Scott Cook had to look for new ways to present his music.
Like many others, he turned to social media platforms for performances because his touring life was disrupted by the pandemic.
“We didn’t know what the virus was going to look like,” he says in an interview from Edmonton, Alberta. “Months later, we’re still in place and I’m trying to promote my music.”
Cook is a DIY troubadour who, until earlier this year, had made his home on the road since 2007.
While touring relentlessly around Canada, the United States, Europe, Australia, New Zealand, Taiwan, South Africa and elsewhere, averaging 150 shows and a dozen festivals every year, he’s also managed to produce seven studio albums along the way.
Cook released his seventh album, “Tangle of Souls,” in August and continues to promote it.
The 12-track collection comes with a 240-page, cloth-bound, hardcover book, telling the story of a life-changing health crisis and drawing parallels to the crises we face as a society seemingly hellbent on self-destruction.
Against the background of climate change and the coronavirus pandemic, Cook draws on the goodwill and empathy gathered over his years on the road and the hard truths from his own brush with death to shine a light toward our uncertain future.
“A lot has changed for me over the last four years,” he says. “I was hospitalized with alcoholic pancreatitis . It gave me a closer look at death and at my own darker side. I began to look at my own self-destructive tendencies and those that we have as a culture. There’s a lot of personal stuff that I talk about in the book. I didn’t allow myself to hide in this process. It was a long process to see the places where I was afraid to tell my own truth.”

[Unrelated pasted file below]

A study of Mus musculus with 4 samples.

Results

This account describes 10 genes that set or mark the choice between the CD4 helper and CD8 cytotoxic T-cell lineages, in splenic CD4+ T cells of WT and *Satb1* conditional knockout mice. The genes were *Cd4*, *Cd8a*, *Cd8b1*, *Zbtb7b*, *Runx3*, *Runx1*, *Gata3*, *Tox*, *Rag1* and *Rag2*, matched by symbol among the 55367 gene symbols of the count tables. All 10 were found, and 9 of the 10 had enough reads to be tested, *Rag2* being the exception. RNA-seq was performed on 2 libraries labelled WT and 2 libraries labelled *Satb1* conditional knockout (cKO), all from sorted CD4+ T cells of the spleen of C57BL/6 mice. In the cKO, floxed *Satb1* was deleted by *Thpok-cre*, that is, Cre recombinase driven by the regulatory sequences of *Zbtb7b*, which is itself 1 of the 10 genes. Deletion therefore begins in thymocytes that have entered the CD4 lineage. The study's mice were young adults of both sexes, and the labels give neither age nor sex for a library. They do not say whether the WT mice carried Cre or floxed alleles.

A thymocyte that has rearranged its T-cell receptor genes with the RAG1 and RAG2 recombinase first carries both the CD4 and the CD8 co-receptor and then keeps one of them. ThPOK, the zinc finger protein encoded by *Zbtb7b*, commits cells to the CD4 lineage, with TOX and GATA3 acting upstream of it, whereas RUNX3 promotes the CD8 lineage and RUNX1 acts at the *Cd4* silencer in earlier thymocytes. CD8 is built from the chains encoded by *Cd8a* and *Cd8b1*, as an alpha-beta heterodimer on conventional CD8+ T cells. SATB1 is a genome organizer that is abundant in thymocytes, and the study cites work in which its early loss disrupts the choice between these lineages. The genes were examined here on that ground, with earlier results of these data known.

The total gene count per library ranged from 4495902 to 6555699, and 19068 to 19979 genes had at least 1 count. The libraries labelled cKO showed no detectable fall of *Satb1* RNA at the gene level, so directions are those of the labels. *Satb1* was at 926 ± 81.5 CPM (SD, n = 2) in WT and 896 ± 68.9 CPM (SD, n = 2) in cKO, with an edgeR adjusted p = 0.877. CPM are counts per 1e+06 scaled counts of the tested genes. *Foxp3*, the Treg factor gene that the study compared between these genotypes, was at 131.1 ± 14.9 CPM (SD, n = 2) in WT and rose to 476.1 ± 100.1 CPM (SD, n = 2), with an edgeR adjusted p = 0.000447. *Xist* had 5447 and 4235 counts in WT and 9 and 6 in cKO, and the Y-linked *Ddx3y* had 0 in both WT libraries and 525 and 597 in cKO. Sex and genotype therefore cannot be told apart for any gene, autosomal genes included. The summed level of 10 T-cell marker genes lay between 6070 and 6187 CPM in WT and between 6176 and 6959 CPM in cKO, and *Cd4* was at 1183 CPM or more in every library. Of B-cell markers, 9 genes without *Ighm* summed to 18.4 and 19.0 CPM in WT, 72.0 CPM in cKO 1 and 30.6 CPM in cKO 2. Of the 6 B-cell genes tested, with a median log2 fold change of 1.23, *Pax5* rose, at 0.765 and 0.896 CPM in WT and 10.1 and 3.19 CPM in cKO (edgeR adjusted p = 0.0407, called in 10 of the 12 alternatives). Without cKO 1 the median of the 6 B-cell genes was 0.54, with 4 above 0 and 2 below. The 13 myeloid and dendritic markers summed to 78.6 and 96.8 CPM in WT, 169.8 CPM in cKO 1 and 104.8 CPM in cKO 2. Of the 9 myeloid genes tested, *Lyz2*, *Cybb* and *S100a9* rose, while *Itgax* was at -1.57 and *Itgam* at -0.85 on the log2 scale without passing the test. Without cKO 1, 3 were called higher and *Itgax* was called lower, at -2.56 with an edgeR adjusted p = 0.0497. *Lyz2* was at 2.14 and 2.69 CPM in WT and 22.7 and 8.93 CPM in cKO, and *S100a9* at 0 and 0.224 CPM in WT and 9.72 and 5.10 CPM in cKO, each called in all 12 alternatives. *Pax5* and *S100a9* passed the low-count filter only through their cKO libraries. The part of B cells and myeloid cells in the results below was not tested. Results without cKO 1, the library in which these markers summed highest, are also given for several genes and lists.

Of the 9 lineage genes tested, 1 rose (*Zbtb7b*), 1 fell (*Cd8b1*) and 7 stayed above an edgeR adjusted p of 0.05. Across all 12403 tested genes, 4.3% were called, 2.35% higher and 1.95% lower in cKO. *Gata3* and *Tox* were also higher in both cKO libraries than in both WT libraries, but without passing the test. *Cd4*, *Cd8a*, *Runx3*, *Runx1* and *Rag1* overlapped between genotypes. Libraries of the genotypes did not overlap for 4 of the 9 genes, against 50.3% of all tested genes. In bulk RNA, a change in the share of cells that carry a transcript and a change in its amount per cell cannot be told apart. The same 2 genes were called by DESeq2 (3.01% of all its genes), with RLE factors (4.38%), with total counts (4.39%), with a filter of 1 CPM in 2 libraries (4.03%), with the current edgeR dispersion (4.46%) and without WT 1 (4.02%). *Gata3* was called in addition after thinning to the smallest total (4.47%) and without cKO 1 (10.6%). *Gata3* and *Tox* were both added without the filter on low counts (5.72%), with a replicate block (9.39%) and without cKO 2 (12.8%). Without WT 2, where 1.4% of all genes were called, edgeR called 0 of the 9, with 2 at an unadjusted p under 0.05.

Because touring is a no-go, Cook has found ways to pass the time.
He’s stuck at home with two other musicians.
“One of them is my sweetheart, and we’ve been jamming a lot,” he says. “We’ve been doing these monthly online shows. We’ve figured it out how to get everything dialed in. We’ve also been doing some outdoor shows from back alleys and front porches.”
Through all the turmoil of the past seven months, Cook does see some silver linings.
“I haven’t really stopped anywhere longer than a month until this pandemic happened,” he says. “Watching the seasons change was great. So much of my life is socializing with strangers. I’m able to spend time with my parents, who live close by. These are things I could never do while touring was in the mix.”